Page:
Resident Resource Spotlight: Cleveland Restoration Society

From  ASIATOWN CLEVELAND


This is where the Cleveland Restoration Society (CRS) comes in. Founded in 1972, this nonprofit offers economic and technical assistance, educational resources, and other tools to preserve and advocate for the many historic buildings in the city.


In collaboration with several other organizations, CRS also works to preserve and document the history of Cleveland area sites, with a recent emphasis on African American history.

  • Heritage Home Program:
    • The Heritage Home Program Loan offers a low-interest, fixed-rate loan with rates as low as 1.4%. This loan is made available for improving and maintaining older homes (i.e. built before 1970) in a way that preserves their distinct style and character. Eligibility also depends on a number of other factors, including location, tax status, number of occupancy units, and amount of equity in the home. Click here for more information about eligibility.
    • Information Sessions (currently held via Zoom)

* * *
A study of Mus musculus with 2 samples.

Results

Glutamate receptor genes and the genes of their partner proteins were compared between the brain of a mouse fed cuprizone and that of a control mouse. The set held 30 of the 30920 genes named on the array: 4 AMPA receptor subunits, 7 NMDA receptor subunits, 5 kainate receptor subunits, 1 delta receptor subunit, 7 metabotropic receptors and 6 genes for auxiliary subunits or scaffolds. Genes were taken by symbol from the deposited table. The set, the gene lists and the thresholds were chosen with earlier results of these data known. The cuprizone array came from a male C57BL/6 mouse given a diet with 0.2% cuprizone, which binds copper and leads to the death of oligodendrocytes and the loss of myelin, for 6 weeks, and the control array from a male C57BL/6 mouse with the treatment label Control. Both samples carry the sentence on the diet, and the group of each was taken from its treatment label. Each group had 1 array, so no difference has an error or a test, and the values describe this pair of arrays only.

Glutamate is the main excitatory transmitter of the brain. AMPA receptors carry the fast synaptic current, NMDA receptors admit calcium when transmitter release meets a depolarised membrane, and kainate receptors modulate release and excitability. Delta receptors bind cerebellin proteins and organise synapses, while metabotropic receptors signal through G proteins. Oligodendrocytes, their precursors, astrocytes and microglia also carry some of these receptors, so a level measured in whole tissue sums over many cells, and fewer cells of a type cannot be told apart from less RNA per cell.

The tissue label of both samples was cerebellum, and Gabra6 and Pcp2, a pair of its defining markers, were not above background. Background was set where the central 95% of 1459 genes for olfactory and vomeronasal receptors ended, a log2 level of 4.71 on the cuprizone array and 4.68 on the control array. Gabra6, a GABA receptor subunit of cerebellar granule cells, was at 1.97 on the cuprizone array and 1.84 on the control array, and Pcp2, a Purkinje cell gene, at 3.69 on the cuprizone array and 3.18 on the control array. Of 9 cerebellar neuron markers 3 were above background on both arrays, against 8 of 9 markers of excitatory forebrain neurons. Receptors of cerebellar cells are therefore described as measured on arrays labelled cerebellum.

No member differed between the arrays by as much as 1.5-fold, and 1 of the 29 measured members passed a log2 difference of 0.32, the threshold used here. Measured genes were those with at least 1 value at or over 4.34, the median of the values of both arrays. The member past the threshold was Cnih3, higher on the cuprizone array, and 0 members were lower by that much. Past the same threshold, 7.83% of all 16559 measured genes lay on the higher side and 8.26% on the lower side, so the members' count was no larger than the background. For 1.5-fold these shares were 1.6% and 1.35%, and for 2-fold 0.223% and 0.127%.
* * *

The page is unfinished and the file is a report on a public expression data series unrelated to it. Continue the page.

• Technical Assistance, including site visits, color consults, and general advice.
  • African-American History Programs
    • African American Civil Rights Trail: Funded by a grant from the National Park Service’s African American Civil Rights Grant Program, this program will install Ohio Historical Markers at the 10 most important sites involved in the fight for African-American civil rights from 1954-1976. This is done to honor those who fought for this progress, as well as remind us of the ongoing struggle that is still happening today.
    • Lee-Harvard: The Suburb in The City: The CRS is partnering with Cleveland Councilman Joe Jones and other organizations to tell the story of this unique neighborhood and help preserve its post-WWII houses in its two distinct areas (Lee-Seville and the former village of Miles Heights). CRS hosts discussions with professors from Cleveland State and city council members, published The Making of Cleveland’s Black “Suburb in the City”: Lee-Seville & Lee-Harvard, and drives an ongoing, collaborative effort to tell the story of the neighborhood through its residents.
    • The African-American Experience in Cleveland: This endeavor, done in collaboration with the Ohio History Fund for the CRS 40th anniversary, seeks to tell the story of important sites in the Black community and the people and events that influenced them. This was done through building surveys, outreach, research, and a digital publication titled “Know Our Heritage”, highlighting The Great Migration, The Black Church, and Blacks in Business.
  • Sacred Landmarks Assistance Program: Cleveland is blessed with many beautiful congregations. This program offers on-site assistance, property stewardship, workshops seminars, and other resources to help preserve these historical structures.

CRS offers many more resources, which can be found on their website.